Editor's Note: Since the October paper hit desks with initial reactions to the governor's proposed TenCare Modified Block Grant, TMA has had the opportunity to take a deeper dive into the full proposal and has released an updated statement.
The largest professional organization for doctors in Tennessee has submitted its public comments regarding the proposal to convert federal funding for TennCare to a block grant. Like many other organizations, the Tennessee Medical Association is cautious about the lack of detail in the preliminary proposal, while raising specific questions and concerns that physicians would like to see addressed in the negotiations.
Tennessee's physicians are unable to determine at this time whether the state's proposal to convert federal Medicaid funding to a block grant can realistically improve healthcare access and quality while reducing cost. There are some positives in the preliminary waiver request, but the draft raises more questions than answers about how it could affect doctors and their patients.
We cannot reduce overall funding without changing eligibility requirements or cutting benefits for our state's most vulnerable patient population. State officials should work toward a solution that provides enough funding to at least maintain current TennCare levels, or preferably cover more Tennesseans in need, and boosts physician participation by reducing administrative and clinical barriers to healthcare delivery. Hospitals won't help access for patients in rural areas of the state if there are no physicians to treat them.
TMA submitted detailed comments and questions during the public comment period. We expect the TennCare Bureau and Lee administration to be judicious in negotiations with CMS, and to engage the physicians who actually deliver care as the process moves forward.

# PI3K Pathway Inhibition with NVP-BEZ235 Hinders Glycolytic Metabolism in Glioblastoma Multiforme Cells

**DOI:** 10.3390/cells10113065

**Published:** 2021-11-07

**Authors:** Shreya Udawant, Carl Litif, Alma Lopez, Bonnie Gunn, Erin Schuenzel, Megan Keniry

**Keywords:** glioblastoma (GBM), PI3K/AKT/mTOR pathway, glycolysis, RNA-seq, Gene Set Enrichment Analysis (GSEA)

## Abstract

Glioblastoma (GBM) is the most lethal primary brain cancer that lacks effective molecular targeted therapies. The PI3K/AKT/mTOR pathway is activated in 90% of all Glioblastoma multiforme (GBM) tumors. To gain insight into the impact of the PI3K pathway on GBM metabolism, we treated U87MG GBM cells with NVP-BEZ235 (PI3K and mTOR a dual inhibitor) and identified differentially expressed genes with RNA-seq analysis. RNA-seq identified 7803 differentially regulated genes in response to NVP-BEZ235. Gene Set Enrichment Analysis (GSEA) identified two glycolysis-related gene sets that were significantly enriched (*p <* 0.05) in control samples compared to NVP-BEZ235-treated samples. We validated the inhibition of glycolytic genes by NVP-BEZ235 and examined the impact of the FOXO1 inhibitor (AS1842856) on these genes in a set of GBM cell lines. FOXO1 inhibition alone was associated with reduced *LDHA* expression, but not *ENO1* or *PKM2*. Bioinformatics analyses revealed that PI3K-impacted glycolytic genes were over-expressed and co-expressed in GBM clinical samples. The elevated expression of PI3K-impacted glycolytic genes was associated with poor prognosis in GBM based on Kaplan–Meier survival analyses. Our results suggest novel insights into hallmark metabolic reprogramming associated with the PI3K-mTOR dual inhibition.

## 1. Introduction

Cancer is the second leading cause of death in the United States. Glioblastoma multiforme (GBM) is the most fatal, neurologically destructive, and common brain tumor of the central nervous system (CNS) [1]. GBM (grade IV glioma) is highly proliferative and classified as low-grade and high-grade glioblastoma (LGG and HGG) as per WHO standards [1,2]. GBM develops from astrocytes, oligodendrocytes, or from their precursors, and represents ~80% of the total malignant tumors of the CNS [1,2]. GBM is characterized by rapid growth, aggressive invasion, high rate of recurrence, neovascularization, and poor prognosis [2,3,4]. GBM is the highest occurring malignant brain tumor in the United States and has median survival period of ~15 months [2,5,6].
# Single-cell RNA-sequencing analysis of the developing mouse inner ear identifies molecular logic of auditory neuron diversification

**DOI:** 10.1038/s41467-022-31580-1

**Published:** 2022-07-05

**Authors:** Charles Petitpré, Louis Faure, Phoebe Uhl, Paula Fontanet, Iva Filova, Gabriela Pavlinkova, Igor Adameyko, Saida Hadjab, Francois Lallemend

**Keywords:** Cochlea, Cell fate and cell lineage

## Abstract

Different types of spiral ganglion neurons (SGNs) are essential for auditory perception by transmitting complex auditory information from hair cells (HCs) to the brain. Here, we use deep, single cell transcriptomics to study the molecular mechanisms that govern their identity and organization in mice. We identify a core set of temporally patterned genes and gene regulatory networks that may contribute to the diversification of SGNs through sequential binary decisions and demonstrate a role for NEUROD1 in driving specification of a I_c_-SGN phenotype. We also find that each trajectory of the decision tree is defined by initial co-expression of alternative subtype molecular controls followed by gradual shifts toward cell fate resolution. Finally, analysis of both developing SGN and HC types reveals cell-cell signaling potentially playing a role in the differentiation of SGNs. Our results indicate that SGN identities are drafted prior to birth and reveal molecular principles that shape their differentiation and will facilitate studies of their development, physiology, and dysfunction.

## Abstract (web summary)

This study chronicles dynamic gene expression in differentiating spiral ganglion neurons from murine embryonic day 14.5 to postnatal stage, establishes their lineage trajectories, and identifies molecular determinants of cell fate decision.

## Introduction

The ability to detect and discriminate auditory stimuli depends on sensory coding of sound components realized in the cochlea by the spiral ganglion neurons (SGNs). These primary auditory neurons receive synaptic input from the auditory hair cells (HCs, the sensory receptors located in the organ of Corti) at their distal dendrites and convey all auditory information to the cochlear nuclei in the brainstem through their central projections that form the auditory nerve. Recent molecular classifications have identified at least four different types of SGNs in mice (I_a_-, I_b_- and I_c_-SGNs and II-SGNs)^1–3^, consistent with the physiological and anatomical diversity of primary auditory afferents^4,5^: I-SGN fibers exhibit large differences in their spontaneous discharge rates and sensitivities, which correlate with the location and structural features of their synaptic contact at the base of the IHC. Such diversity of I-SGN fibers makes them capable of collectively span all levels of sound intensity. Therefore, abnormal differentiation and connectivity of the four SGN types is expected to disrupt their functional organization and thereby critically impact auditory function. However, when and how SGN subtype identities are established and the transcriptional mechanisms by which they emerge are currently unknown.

Biggest Issues and Questions
- Shared savings - How will the state realize actual savings, and why are projections based on traditional Medicaid instead of the 25 years of actual TennCare data using the 1115 demonstration waiver?
- Episodes of care - The state proposes to continue using episodes of care payment reform efforts, but the program has serious design flaws. How can the state ask the federal government for performance-based rewards without risk for penalties when, under the current episodes program, TennCare financially penalizes doctors for costs beyond their control? The program has proven to cut costs on the backs of physicians but is not proven to increase quality or efficiency of care.
- TennCare oversight - The state wants exemption from federal mandates, but TMA is concerned that there would be no oversight if the waiver becomes permanent. TennCare should be subject to a periodic renewal process (e.g. every five years) to keep it accountable for how it utilizes resources and treats physicians.
- Drug formulary - Having a closed formulary with only one drug per therapeutic class is dangerous. There needs to be a way for patients to have access to appropriate treatment that physicians deem medically necessary, including off-label medications for children, without burdensome prior authorization. There also should be an appeals process for patients. The current EPSDT program should be preserved.
- Optimizing effectiveness and efficiency - The waiver may give the state flexibility to reduce its administrative burden, but will TennCare pass that on to physicians or use freedom from federal mandates to create new, unlimited and unchecked requirements at the state level?
- Physician fees - The draft makes no mention of physicians directly benefiting from savings, or improving administrative requirements for the providers who deliver care. We believe the state should pay its fair share for dual Medicare-Medicaid eligible enrollees. TMA agrees with penalizing enrollees for TennCare fraud, but the physicians who treat them in good faith should not have payment recouped.
- Technology to support rural health transformation - In addition to telehealth, "adopting technologies" should include funds to resolve TennCare's technological problems that create administrative and financial headaches for physicians, such as moving from paper requirements to allowing the choice to submit paper or electronic claims.